THE DAY REPLAYED - In the provincial capital they call the 'City of Abundance', USA and Korea DPR staged a veritable feast of attacking football and gripping excitement, and by sharing four goals they underlined that the FIFA Women's World Cup will showcase the more even nature of the global game. Additional emphasis arrived later in the shape of two more drawn affairs, as England and Japan and then Nigeria and Sweden all put a point on the board.
If the Opening Match left the undeniable impression that Germany are once again the team to beat at China 2007, then day two suggested there will be a host of teams challenging for their crown. Prominent among them look sure to be Korea DPR, who gave USA a mighty scare in Chengdu.
From first to last the Koreans - fast, furious and relentlessly dogged - got in the face of their more illustrious rivals. If they had been slow to talk up their chances, reluctant to say too much about themselves, their first entrance on the China stage revealed them to be an outfit no one will dare take lightly.
They unleashed their first shot early, with just 12 seconds
gone, and were still on the front foot in the dying seconds,
calling Hope Solo into desperate but confident saves to safeguard a
point for the two-time world champions.
If that was a meagre reward for a team who have become used to winning at the FIFA Women's World Cup - this was only the fifth time in 25 matches that victory had eluded them - then they were satisfied with it. The possession rating, 54 per cent to 46 per cent in Korea DPR's favour, showed the dominance of the Asian team, although the Americans had the most shots - 21 to 18.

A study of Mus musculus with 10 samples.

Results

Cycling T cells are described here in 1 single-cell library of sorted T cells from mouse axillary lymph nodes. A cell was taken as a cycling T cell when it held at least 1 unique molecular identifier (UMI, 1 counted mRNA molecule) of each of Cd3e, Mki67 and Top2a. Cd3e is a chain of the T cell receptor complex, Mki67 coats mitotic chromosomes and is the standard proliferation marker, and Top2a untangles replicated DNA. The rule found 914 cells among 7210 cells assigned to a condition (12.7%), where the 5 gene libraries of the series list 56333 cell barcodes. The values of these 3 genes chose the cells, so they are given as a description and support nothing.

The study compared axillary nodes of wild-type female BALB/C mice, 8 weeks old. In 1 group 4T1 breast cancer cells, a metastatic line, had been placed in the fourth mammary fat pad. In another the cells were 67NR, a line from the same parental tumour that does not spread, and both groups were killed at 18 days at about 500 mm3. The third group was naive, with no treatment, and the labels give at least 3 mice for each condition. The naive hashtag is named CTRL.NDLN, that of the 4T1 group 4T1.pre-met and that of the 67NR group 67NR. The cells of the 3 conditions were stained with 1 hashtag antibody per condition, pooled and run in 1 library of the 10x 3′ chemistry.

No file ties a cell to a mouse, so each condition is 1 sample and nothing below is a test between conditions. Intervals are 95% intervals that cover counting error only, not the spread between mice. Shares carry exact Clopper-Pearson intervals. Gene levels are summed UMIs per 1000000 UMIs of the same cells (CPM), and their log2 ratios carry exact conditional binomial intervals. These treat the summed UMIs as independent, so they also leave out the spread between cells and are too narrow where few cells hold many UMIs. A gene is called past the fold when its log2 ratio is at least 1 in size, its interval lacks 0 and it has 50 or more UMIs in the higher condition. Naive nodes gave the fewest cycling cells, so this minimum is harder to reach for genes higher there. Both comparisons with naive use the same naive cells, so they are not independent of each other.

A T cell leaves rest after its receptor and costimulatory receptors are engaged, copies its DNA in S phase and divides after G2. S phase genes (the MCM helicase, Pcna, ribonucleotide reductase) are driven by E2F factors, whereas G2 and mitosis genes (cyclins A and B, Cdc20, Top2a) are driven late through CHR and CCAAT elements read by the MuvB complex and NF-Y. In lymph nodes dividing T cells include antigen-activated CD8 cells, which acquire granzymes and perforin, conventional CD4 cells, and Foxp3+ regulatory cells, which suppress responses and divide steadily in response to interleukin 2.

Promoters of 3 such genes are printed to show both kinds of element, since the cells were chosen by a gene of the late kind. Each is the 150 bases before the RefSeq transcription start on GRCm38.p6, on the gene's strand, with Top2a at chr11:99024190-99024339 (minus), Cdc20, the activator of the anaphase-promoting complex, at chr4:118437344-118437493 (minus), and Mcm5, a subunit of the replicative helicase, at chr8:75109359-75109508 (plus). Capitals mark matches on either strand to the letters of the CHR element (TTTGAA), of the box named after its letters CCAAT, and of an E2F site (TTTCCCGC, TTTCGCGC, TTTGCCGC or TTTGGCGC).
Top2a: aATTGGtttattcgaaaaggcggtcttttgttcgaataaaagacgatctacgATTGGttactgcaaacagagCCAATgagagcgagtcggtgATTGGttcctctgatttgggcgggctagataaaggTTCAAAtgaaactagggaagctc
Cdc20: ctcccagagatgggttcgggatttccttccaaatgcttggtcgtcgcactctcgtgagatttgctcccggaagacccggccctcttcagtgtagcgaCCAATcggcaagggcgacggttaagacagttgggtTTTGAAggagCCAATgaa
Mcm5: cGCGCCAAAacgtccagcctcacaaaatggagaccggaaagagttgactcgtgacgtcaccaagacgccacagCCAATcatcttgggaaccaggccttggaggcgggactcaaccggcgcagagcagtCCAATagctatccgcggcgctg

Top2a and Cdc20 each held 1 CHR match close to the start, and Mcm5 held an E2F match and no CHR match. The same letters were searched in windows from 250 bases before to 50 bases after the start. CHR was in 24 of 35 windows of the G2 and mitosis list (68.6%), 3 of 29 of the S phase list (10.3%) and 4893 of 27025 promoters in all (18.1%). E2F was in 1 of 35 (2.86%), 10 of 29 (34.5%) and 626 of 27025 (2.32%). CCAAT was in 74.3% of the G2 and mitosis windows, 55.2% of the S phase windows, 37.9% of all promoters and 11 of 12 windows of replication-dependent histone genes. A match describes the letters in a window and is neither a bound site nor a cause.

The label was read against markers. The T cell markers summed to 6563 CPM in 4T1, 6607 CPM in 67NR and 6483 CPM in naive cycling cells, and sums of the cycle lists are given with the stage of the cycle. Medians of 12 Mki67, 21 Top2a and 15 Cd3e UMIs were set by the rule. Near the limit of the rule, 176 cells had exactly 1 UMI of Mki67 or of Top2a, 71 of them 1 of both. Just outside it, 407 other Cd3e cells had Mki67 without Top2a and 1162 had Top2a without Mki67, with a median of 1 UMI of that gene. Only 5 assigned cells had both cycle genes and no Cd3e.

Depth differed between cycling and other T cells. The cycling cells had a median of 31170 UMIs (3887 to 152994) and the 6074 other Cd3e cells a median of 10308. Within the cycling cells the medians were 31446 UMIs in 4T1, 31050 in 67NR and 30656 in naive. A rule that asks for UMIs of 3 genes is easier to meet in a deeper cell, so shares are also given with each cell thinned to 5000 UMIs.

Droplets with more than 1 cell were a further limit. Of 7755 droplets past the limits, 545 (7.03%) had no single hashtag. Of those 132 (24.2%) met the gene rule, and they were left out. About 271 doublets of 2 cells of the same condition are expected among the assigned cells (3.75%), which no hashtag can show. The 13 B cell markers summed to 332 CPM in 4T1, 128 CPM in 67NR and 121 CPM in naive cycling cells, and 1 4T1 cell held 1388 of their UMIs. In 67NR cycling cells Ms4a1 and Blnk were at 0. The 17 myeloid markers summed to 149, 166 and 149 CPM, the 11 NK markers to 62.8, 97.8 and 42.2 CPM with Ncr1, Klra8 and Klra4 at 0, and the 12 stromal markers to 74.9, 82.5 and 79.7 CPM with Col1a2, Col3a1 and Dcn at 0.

One of those saw Abby Wambach maintain her astonishing record in
the international arena with her 76th strike in less than 100
matches early in the second half. She was off the field receiving
treatment for a head wound and heard the roars of the crowd as
Korea DPR then forged ahead with two goals in four minutes.
The first owed something to the difficult conditions as the rain lashed down, Kil Son-Hui seeing her shot slip through the goalkeeper's grasp. Four minutes on and substitute Kim Yong-Ae slotted the ball home, but Wambach had rejoined the action in time to see Heather O'Reilly grab an equaliser. It was the first time Korea had registered a draw in their seventh game in the competition.
The afternoon fixture set a standard that the two later games would do well to match but again, there was so much to enjoy for the neutral supporters as the two games built to an exciting climax with late goalscoring drama.
In Shanghai, Japan were delighted by their opening goal, which came from Aya Miyama's hard-driven free-kick, but were then overtaken as Kelly Smith, making her FIFA Women's World Cup debut and tipped by the Chinese legend Sun Wen no less to emerge as the player of the tournament, really went to work inside the last ten minutes, scoring first with her left, then with her right.
However there was no denying the Japanese free-kick specialist and with the clock showing 94 minutes, she lashed the ball home from almost an identical position to her earlier goal.
Nigeria also struck late on to deny Sweden a first-ever win in
an opening fixture. Mind you, the Scandinavians had only ever lost
before so this counts as an improvement. Captain Victoria Svensson,
her country's leading scorer in the 2003 tournament, finally
broke the resistance of the African side's goalkeeper Precious
Dede to put the Swedes in front and then, with eight minutes
remaining, Cynthia Uwak, who like Dede plays her club football in
Sweden, produced the leveller.
Those who thought there would be little between the teams in Group B were not kidding: all have started with a single point.